Slightly more of the world’s chief executives (CEOs) put climate change on their list of concerns in 2021 compared to the year before.
This is according to the 24th edition of PwC’s annual global CEO survey, which shows that in 2021 30% of chief executives selected climate change as an extreme concern. Last year, only 24% selected climate change as a concern.
The report further notes, however, that 27% of chief executives report being “not concerned at all” or “not very concerned” about climate change. And 60% of chief executives have not yet factored climate change into their strategic risk management activities.
At a country level, the PwC results show a moderately negative correlation between exposure to natural hazards and companies’ preparedness for climate-related risk. Companies in the countries with the most exposure, which are also among the largest contributors to carbon emissions, are less likely to have embedded climate change into their overall risk management approach, the report finds.
The decarbonisation imperative is particularly challenging for certain industries and regions, the report adds.
In South Africa, the government is in the process of taking actions to force industries to curb emissions.
These include publishing guidelines to ensure industries accurately report greenhouse gas emissions and implementing sectoral emissions targets and carbon budgets. The carbon tax will enforce the carbon budget in that sectors will be taxed at a high rate if they exceed their budget.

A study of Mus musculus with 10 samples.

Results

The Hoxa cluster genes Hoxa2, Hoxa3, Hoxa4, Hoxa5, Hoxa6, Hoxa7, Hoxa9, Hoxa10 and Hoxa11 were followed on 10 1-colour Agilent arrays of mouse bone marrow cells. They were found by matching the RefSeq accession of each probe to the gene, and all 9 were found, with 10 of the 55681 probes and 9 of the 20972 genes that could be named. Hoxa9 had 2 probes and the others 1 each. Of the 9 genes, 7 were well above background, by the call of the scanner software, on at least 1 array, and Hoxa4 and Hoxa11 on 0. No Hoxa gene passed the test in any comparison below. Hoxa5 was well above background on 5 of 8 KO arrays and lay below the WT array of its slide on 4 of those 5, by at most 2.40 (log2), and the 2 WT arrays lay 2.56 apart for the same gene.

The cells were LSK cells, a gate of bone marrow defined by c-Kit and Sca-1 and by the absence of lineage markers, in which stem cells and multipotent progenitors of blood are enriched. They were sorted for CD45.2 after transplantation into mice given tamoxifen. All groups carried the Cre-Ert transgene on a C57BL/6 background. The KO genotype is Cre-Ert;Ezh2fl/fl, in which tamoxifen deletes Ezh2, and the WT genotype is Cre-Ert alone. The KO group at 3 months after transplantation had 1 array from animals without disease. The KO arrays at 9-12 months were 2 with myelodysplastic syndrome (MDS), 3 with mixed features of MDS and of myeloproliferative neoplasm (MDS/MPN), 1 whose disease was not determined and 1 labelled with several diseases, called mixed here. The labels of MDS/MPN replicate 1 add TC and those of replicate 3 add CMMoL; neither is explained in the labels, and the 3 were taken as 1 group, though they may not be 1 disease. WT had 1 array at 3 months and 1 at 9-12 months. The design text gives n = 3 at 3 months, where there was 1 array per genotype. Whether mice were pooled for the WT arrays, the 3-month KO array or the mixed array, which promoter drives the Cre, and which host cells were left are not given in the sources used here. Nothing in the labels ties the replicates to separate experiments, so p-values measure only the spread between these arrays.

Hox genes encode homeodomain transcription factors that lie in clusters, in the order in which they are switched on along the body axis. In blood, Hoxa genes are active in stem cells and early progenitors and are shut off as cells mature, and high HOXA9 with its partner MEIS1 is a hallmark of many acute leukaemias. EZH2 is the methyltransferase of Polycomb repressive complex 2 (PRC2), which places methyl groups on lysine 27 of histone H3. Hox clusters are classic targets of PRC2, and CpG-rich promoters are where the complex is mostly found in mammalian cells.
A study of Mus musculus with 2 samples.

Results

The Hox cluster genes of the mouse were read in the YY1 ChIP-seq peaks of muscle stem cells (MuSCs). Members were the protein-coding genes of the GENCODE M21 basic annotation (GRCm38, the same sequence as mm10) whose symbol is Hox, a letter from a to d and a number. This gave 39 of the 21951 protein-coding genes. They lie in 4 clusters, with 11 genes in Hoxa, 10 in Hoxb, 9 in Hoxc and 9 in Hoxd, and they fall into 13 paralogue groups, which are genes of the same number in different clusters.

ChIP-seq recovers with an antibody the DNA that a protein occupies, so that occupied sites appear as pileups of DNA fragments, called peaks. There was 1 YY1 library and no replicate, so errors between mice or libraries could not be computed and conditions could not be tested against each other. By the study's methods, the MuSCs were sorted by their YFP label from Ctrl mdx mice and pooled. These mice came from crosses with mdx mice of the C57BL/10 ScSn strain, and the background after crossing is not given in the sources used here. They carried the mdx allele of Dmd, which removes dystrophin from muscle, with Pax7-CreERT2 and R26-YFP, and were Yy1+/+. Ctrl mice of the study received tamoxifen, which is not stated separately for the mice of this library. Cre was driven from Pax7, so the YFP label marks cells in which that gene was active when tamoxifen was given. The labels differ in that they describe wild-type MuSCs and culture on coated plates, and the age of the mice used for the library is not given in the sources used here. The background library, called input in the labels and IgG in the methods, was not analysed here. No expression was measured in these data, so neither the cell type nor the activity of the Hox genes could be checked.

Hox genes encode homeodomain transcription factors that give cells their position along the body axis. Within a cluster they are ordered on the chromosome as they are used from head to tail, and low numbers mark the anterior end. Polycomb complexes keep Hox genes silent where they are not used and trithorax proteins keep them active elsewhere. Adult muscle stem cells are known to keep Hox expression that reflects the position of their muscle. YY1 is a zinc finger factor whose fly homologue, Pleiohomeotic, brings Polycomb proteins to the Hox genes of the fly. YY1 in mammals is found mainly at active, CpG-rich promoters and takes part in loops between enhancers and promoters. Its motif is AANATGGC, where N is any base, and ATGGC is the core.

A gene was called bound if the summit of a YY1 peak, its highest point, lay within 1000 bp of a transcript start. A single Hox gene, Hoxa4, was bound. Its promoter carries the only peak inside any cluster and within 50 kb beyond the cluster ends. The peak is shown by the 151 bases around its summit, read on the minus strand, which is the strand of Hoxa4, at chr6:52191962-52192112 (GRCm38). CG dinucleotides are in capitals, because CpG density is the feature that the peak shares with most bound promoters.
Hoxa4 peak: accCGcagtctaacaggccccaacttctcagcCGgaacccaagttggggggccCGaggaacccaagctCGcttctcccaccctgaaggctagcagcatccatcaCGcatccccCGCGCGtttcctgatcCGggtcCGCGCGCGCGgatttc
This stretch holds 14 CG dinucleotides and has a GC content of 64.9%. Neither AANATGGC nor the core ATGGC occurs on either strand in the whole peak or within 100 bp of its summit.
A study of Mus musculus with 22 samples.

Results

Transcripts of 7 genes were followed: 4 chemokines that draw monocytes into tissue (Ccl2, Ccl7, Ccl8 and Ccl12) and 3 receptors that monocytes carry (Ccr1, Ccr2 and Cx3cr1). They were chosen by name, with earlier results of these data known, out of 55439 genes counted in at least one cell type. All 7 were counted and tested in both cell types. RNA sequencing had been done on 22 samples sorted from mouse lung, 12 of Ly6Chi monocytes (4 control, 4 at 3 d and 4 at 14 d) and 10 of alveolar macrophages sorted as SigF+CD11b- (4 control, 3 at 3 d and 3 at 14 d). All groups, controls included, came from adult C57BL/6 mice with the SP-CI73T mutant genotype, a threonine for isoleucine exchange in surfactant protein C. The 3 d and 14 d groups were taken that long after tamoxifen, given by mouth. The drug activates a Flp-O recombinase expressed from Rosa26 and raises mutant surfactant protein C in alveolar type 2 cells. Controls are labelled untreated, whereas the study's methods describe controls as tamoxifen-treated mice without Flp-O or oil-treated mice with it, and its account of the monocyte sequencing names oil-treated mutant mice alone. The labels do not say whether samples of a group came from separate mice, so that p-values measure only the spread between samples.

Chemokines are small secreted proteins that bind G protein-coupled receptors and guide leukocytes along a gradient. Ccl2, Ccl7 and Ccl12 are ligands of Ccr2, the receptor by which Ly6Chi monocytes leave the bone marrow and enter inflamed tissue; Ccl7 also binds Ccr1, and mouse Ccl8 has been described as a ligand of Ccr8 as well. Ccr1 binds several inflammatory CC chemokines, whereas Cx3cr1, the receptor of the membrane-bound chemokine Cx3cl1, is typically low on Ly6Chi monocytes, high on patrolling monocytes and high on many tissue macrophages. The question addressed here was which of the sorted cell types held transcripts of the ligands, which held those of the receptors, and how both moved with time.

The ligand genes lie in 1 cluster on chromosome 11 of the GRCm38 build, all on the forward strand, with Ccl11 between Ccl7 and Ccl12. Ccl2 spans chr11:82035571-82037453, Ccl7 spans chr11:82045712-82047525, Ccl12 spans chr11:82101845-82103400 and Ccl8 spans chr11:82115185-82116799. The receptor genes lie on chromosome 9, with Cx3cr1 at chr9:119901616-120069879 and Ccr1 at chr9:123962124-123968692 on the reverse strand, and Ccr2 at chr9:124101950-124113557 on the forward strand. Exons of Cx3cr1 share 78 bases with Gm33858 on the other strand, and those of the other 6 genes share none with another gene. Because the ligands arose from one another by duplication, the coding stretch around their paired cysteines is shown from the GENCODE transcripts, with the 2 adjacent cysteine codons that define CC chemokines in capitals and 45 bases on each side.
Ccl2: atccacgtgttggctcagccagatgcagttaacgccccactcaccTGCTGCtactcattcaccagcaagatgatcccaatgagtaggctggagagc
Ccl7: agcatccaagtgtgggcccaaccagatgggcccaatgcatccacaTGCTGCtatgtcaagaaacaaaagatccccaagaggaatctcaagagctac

The PwC report also notes that in 2021 more chief executives have a positive outlook on the global economy. According to the report, 76% believe the economy will improve in the next 12 months. In 2020, only 22% expected conditions to improve.
“CEOs’ optimism also reflects momentum in vaccine development and roll-out in parts of the world,” the report reads.
“We are by no means out of the woods, but CEOs see a path forward — for the global economy, and for their own organisations.”
Chief executives’ confidence has also rebounded, with 36% saying they are “very confident” about their organisations’ prospects for revenue growth over the next 12 months. In 2019, 35% gave this answer.
In South Africa, however, business confidence fell in the first quarter of 2021. This is according to the business confidence index, calculated by Rand Merchant Bank and the Bureau of Economic Research.
The index declined from 40 to 35 in the quarter.
“This means close to seven out of 10 senior executives expressed their dissatisfaction with prevailing business conditions, up from six previously. Such low confidence levels continue to highlight the fragility of the economic recovery,” the press statement accompanying the release of the index read.
According to the statement, confidence fell across all the five sectors covered by the index. Retail experienced the biggest decline, followed by manufacturing and new vehicle dealers. The survey was conducted in the second half of February when many Covid-19 lockdown restrictions were already lifted and disruptions because of load-shedding were less pronounced than they are currently.